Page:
Good news arrives in many packages. The most startling and heartening moment I’ve seen lately arrived during the Liberty Theatre gala in November.
As state Sen. Betsy Johnson asked the crowd if anyone would give to the theater, a man sitting near the front raised his hand. Handed the microphone, he said: “My wife and I moved here one year ago.” He expressed gratitude for how welcoming Astorians had been to them. He pledged a gift of $1,000 to the theater’s restoration campaign.
Jennifer Crockett, the theater’s director, said more than 260 people attended the gala, contributing more than $1,100 in donations, $11,000 in ticket sales, $18,200 from auctions and raffles, and $269,000 to a special appeal by Johnson.
The hero in this story is the town — more precisely, the people who reached out to this man and his wife. It is a symptom of a healthy community.
I recognize that this couple’s experience has not necessarily been everyone’s experience as a newcomer. But it does make a point about the ingredients of a community. This is especially timely, because there is widespread hunger for community across America at a time when it is easy to feel anonymous.
Arthur C. Brooks recently wrote a penetrating op-ed on this topic titled “Loneliness is Tearing America Apart.” Brooks’ thesis, published Nov. 24 in the New York Times, is that America’s “epidemic of loneliness” makes a vast swath of the nation susceptible to the extremes of the political spectrum whose advocates populate the Internet and cable television.
The antidote is community, wrote Brooks. More specifically, he quotes Sen. Ben Sasse of Nebraska, who has written that the key is “to intentionally invest in the places where we actually live.”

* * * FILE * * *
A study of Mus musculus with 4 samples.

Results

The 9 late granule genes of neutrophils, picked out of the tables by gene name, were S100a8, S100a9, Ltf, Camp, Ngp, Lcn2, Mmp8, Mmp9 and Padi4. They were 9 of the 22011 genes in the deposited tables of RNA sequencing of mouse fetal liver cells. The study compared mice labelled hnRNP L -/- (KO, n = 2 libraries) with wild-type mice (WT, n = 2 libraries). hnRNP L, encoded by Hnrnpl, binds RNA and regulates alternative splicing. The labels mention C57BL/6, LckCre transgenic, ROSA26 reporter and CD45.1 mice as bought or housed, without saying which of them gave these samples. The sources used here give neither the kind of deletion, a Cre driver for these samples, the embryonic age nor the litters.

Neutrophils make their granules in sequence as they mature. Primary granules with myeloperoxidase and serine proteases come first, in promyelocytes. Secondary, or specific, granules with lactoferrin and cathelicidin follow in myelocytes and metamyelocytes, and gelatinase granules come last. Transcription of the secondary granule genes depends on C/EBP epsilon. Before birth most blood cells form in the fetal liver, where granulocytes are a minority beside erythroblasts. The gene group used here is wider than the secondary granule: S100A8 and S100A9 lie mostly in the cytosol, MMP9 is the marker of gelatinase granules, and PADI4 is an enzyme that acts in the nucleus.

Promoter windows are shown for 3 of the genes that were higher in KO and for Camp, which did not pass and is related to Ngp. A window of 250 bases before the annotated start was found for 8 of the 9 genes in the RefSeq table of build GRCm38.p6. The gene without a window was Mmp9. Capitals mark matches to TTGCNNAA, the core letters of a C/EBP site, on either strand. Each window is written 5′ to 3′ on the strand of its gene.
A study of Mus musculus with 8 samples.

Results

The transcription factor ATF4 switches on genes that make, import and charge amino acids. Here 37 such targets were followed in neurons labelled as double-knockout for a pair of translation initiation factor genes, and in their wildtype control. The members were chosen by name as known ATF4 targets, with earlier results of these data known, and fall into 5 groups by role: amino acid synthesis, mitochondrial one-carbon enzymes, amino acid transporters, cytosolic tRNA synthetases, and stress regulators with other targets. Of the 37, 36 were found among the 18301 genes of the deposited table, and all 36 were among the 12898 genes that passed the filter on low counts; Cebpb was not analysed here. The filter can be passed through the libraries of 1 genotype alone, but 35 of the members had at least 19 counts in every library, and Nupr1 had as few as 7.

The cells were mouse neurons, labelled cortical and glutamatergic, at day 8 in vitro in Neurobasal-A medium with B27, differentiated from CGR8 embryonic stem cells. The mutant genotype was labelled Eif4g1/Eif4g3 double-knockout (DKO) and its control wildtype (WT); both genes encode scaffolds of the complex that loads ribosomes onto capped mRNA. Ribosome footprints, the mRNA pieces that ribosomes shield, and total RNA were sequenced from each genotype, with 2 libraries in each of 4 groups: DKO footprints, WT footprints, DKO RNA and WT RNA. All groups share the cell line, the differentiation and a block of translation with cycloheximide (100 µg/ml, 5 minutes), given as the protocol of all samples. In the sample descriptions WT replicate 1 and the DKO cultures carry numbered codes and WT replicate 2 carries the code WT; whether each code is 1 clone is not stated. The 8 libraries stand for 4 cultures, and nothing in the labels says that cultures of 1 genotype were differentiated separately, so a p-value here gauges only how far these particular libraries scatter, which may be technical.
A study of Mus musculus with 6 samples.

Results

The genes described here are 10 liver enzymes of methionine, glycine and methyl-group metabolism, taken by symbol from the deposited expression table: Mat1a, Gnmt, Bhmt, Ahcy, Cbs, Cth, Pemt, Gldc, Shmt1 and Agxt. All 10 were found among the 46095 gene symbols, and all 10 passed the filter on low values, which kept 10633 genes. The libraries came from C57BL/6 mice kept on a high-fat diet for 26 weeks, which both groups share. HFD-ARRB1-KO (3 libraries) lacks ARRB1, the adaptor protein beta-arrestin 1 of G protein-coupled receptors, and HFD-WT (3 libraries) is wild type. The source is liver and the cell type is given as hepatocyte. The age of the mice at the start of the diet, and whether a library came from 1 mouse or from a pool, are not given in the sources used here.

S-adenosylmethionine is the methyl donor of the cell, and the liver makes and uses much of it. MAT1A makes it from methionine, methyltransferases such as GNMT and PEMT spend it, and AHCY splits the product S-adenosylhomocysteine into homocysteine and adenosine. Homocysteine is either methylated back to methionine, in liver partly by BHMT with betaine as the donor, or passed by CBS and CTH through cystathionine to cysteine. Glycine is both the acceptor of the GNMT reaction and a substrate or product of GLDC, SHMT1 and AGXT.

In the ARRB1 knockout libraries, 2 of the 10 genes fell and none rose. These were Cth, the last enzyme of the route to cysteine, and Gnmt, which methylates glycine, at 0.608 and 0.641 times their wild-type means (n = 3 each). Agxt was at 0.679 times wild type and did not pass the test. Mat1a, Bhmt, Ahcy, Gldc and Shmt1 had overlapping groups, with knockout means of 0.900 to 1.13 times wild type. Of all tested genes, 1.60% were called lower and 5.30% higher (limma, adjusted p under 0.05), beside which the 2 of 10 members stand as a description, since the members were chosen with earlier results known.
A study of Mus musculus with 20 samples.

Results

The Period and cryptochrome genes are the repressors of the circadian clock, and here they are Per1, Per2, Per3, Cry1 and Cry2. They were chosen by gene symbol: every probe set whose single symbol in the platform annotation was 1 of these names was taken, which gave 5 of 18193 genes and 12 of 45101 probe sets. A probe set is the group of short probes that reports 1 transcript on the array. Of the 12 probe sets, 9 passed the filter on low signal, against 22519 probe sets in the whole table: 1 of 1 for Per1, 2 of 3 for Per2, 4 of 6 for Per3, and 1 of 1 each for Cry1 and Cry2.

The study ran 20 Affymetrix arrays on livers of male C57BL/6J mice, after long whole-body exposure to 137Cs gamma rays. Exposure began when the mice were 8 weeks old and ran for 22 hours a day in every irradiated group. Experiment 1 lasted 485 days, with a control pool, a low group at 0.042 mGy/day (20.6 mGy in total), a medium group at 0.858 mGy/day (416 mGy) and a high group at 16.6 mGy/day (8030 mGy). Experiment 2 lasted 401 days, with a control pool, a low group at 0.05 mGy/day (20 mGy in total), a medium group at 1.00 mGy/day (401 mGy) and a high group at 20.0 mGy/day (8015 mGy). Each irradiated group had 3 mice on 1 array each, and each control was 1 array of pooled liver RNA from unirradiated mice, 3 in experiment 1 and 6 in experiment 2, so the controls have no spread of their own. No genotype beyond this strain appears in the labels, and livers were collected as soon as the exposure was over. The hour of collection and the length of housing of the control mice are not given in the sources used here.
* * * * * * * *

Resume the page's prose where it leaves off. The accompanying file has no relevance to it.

Building community is what this newspaper is about. And it is what the other newspapers of our company are about. When people ask me about the future of newspapers, my response is that as long as people value community, they will value a news source that reflects that community. Decades ago the iconoclastic newspaper and magazine editor Clay Felker explained his latest creation, New York Magazine, saying that it would hold up a mirror and show people themselves.
The startling phenomenon I discovered while serving as the Astorian’s editor was the people who did not want to have human contact. Some would hide behind email addresses. But one of my frequent antagonists, who used his real name, resisted all my attempts to have conversation in person. It struck me then as an unhealthy attitude, and I see it in what Arthur Brooks has described.
In the book “Grit and Ink,” author William Willingham writes about how our sister newspaper, the Blue Mountain Eagle, responded when a sect of the Aryan Nations out of Idaho sought to create a homeland in Grant County. Led by Publisher Marissa Williams and Editor Scotta Callister, the newspaper convened a community meeting to talk about the prospect of becoming the home of a nativist, white nationalist community.
It was a remarkable and long discussion, and it drew the national press. In my favorite moment, Callister chewed out a Wall Street Journal reporter for talking loudly on his cellphone while citizens were addressing the group. In that brief encounter, an authentic local editor lectured a self-important national newsman on the meaning of community.